This fascinating, music-packed documentary examines the life and work of the great romantic composer from the viewpoint of his relationships with women.
Johannes Brahms has always been viewed as a lifelong bachelor in the old-fashioned sense of the word. A sociable man who enjoyed a beer and a good time, he loved women - but somehow the time and place was never right to commit to one. He had a long and serious (but probably unconsummated) relationship with Clara Wieck, the widow of Robert Schumann. There were also many other liaisons of more commercial nature (his housekeeper muttered after his death that he was a "very naughty old gentleman").
But the naughty old gentleman produced some of the greatest works of German romanticism - symphonies, songs, chamber works and concertos of profound emotion and accomplishment. How much this was because, and how much in spite, of his unsatisfactory love life is a moot point, a point explored in this absorbing documentary.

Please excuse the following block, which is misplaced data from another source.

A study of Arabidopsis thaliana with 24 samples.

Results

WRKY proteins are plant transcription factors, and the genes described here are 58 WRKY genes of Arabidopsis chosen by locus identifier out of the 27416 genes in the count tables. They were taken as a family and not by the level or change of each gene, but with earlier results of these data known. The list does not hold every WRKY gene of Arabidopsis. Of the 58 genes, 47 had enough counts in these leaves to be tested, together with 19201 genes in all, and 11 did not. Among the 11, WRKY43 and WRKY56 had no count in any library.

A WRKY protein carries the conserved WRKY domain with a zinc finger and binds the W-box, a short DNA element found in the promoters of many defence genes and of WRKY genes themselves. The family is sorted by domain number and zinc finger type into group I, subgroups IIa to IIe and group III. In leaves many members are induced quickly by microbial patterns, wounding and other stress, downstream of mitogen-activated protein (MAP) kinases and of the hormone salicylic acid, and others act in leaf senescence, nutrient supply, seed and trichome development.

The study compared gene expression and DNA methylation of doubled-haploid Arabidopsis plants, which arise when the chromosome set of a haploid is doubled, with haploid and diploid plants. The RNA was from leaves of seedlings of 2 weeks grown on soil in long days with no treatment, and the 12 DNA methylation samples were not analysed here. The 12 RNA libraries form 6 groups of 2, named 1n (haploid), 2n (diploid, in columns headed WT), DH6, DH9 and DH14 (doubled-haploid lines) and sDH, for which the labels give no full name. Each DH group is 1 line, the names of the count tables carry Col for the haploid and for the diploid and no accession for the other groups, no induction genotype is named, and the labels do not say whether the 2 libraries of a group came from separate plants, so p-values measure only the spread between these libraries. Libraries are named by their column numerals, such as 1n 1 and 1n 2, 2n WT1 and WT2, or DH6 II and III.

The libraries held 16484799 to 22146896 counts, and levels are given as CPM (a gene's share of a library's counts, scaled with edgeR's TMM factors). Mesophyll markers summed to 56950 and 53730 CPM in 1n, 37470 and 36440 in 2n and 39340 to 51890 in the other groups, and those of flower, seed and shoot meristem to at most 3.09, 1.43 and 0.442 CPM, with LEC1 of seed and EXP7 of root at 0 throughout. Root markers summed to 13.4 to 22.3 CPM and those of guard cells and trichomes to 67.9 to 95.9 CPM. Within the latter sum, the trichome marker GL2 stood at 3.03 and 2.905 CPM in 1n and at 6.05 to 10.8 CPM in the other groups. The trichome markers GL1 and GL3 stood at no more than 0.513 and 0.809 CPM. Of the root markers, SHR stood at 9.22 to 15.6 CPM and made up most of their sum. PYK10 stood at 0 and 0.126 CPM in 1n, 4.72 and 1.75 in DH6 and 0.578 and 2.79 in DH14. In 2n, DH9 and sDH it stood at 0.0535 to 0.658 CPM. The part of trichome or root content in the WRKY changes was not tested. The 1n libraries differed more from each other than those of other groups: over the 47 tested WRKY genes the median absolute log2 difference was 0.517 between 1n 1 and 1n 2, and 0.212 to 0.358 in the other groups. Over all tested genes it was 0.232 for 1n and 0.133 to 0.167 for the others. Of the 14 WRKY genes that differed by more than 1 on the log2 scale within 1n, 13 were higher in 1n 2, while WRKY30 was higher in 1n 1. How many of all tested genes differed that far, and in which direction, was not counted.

The programme also includes a remarkable recording - Brahms himself playing his Hungarian Dance No 1 in 1889, in one of the earliest sound recordings ever made. It may be full of hiss and wind, but it's extraordinary to be able to hear a composer who died over a century ago interpreting his own work. It is contrasted with a modern recording from 1995 - the difference is amazing, artistically as well as technically.
A programme that is sure to have you appreciating anew the work of an outstanding composer and enigmatic man.